The Italian mafia, biker groups, criminal clans: so-called organized crime has many faces and many business models. The BKA situation report shows that the criminals are quickly opening up new fields and are now earning billions.
The economic damage caused by organized crime has more than doubled in Germany. It rose from 837 million euros in 2020 to 2.2 billion euros last year, as can be seen from the so-called federal situation report on organized crime published in Berlin by the Federal Criminal Police Office, which BKA President Holger Münch presented in Berlin together with Federal Minister of the Interior Nancy Faeser. It was about stolen assets worth around 1.4 billion euros. In the previous year, its value was around one billion euros.
According to the Federal Criminal Police Office, the rising numbers illustrate the financial potential of organized crime groups and "the associated threat to a wide variety of areas of society", for example through reinvestment of money in legal and illegal business models or corruption.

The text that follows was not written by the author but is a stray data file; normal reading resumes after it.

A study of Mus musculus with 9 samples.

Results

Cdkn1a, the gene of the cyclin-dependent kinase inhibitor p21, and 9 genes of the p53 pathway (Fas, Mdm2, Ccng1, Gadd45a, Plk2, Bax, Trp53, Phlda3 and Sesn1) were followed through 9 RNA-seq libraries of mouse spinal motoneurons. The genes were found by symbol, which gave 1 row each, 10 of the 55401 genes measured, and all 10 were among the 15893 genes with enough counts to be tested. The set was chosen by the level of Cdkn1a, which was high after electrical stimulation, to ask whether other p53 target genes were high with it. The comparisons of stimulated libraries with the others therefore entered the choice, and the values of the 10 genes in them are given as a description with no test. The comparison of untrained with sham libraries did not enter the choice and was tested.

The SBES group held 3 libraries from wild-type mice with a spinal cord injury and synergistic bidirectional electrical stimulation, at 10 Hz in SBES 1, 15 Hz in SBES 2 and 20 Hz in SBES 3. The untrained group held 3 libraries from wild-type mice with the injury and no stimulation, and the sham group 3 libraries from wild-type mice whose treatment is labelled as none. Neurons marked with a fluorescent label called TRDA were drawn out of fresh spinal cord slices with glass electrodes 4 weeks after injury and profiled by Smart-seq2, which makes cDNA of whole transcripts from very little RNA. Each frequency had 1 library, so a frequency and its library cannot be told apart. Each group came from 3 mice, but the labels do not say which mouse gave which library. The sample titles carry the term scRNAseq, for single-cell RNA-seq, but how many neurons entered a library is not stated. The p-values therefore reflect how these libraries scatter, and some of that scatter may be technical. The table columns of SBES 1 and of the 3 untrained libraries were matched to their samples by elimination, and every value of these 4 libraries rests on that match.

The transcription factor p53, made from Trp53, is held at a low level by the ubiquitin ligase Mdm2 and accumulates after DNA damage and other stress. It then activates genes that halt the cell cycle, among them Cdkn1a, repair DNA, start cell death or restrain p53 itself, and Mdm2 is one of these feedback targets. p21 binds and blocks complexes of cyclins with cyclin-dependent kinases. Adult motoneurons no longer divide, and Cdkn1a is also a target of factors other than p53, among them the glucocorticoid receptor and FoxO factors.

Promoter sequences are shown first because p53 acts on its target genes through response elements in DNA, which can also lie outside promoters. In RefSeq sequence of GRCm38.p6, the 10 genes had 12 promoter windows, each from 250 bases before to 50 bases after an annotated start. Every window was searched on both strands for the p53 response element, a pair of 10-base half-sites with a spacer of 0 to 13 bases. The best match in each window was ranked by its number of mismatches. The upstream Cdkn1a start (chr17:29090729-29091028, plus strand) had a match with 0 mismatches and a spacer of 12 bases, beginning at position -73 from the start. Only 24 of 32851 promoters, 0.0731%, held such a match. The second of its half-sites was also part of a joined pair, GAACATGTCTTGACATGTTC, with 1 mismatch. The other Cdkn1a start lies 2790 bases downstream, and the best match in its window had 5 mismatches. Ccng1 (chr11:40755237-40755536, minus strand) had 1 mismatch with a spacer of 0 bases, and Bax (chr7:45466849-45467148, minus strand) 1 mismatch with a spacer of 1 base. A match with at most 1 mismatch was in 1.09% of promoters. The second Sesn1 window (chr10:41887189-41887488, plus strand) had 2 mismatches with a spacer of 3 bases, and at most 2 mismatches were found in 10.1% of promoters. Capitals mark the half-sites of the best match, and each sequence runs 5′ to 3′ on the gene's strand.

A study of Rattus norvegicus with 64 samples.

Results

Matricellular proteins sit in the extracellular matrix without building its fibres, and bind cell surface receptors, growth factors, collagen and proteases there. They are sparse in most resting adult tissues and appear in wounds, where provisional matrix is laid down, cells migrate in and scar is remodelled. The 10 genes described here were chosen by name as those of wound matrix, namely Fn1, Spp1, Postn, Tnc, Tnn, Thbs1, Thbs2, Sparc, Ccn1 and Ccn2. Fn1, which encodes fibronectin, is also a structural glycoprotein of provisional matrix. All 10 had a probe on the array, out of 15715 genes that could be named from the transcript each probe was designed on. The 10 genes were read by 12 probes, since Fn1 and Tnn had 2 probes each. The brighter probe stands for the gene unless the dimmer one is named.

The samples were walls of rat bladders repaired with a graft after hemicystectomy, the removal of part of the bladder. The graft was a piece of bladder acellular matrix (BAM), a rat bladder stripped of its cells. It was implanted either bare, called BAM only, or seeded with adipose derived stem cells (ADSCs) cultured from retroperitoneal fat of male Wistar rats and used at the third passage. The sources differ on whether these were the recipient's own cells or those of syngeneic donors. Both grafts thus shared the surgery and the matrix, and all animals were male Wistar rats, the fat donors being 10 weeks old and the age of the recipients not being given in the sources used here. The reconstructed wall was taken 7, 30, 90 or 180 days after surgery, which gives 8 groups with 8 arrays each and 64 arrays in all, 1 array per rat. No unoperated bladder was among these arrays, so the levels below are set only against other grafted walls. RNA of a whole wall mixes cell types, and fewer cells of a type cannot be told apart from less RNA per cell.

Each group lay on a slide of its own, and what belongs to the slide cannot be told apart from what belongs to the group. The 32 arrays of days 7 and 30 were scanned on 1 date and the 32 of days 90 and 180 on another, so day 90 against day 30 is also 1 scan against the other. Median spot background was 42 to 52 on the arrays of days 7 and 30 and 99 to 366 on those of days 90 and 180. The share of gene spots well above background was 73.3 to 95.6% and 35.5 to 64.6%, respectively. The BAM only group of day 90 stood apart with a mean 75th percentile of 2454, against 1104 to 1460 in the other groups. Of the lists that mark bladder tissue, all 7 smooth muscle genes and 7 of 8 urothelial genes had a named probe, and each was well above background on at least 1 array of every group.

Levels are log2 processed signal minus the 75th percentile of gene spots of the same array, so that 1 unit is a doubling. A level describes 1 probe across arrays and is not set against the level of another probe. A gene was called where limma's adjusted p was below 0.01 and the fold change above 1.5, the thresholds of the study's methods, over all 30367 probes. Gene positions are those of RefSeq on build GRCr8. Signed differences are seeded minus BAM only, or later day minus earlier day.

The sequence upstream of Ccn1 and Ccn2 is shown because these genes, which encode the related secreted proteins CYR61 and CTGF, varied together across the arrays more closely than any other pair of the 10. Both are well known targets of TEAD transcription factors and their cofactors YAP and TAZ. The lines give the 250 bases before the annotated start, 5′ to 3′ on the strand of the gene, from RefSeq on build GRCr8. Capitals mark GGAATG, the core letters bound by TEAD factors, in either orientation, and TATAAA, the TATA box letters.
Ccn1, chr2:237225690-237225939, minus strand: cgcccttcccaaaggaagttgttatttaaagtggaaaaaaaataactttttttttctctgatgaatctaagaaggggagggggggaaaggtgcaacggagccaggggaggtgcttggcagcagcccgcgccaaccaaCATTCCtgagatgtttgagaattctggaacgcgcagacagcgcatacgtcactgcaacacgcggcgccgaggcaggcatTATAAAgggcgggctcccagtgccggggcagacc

The federal situation report on organized crime recorded a further significant increase in suspects. Their total number increased by almost 15 percent to around 7,500. 559 of them were armed. Their number rose by almost 35 percent.
According to the BKA, the fact that the number of fraud offenses has risen sharply in the past year shows how quickly some criminal gangs react to new opportunities to commit crimes. The number of procedures in which references to the corona pandemic were identified tripled in 2021 compared to the previous year. “This increase is largely due to the unlawful application for and use of emergency corona aid from the federal government,” says the situation report.
According to the information, the organized gangs were mainly active in drug trafficking and smuggling - almost half of all investigations fall into this area. This is followed by economic crimes and so-called property crime, including burglaries and thefts. Overall, organized crime continues to pose "a high potential for damage and threats" to society and to economic and state institutions, the report summarizes.